The Telegraph logo The Telegraph 05/07/2018 By Robbie Collin, Film Critic

Star Rating: 3 stars

Dir: Keith English; Starring: Ella Hunt, Sheridan Smith, Mark Addy, Sally Phillips, Jo Brand, Sheila Hancock. 15 cert, 99 mins.

Writing mental illness is a minefield, acting it another. The More You Ignore Me manages to pick its way through only the first of these unscathed. This adaptation of Jo Brand’s 1980s-set novel, directed by feature first-timer Keith English, spins an appealing, bittersweetly funny tale of a Morrissey -mad teenage girl whose life is regularly derailed by her mother’s worsening mental state.

a person lying on a bed © Provided by The Telegraph

But oddly, it does so in spite of the mother character herself, who is called Gina, is played by Sheridan Smith, and regrettably doesn’t ring true for a moment. 

The fault doesn’t lie with Smith’s performance so much as her very presence – or rather, the decision to cast a born lead actress in a quirky character role, then try to bridge the gap with bottom padding, greasepaint and a matted crazy-woman wig.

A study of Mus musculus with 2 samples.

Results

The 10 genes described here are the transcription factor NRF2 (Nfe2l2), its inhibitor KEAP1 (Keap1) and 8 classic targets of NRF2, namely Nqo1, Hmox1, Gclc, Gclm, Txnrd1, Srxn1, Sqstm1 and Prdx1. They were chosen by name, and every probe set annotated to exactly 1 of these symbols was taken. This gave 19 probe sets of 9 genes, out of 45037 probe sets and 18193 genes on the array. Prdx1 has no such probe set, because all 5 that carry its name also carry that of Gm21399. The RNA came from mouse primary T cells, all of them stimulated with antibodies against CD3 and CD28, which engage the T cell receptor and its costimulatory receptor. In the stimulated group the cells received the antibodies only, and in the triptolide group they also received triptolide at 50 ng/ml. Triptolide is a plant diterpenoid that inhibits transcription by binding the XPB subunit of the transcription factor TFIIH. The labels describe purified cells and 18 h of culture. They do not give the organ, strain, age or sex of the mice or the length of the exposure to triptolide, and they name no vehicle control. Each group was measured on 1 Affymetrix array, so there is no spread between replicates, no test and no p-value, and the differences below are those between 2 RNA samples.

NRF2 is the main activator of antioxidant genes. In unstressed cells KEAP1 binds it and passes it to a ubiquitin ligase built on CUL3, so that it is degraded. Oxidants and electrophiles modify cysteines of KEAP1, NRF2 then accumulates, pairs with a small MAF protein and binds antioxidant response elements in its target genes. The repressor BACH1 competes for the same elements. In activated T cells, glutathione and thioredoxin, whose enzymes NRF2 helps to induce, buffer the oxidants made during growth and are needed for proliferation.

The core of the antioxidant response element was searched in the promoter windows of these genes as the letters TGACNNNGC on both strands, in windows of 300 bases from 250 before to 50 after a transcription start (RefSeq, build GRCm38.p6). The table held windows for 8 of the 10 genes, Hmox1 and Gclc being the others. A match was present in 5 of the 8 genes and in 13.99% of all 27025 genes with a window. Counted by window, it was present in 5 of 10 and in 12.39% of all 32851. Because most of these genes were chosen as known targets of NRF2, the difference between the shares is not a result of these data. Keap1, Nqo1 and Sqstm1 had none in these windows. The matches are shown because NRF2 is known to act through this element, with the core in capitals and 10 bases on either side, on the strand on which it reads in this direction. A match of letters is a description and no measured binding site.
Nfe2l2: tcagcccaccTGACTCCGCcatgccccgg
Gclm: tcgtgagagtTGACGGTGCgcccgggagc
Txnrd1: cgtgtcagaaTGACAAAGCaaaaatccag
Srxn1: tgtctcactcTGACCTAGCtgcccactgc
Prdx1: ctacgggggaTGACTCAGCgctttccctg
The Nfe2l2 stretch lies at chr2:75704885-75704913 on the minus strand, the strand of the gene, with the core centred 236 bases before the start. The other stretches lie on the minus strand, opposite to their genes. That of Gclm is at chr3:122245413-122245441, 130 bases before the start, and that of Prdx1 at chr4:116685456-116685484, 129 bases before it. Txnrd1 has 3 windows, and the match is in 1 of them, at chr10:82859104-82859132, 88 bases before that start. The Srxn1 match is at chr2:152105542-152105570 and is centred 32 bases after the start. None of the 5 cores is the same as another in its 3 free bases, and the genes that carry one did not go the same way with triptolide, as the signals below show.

Gina is suffering from schizophrenia brought on by postpartum psychosis, a condition which, here anyway, manifests in big, overtly loopy gestures such as ranting at the weatherman, chasing visitors from the family’s tumbledown homestead, and patrolling the surrounding Hertfordshire countryside on a bright red space hopper. 

This would be tough stuff for any actor to sell, even though Brand’s self-adapted script frames it with a humour and candour that no doubt stems from its writer’s years of experience as a psychiatric nurse. But the obvious phoniness of Smith’s costume and make-up gives Gina a pantomime broadness that feels awkwardly at odds with the sensitivity and downbeat wit of the other leads. It’s like watching a Viz cartoon run rampant on a Shane Meadows set.

Yet even so, thing hang together, thanks in no small part to those other cast members – and particularly 20-year-old Ella Hunt as Gina’s daughter Alice, from whose long-suffering perspective the film plays out. Though Hunt has popped up recently in Intruders, Robot Overlords and the Cold Feet revival, her performance here has the air of a real you-saw-her-here-first moment.


Hunt and Addy both capture the self-abnegating grind of managing a close family member’s declining mental health, and when Alice’s own hopes take a back seat to her mother’s demands, not least during two abortive trips to Smiths gigs, you feel exasperation kicking in your gut.

The More You Ignore Me might feel too mannered, perhaps even too wacky in spite of itself to fully function as a coming-of-age story. But as a close-up portrait of family carers, at least, it feels skeweringly accurate.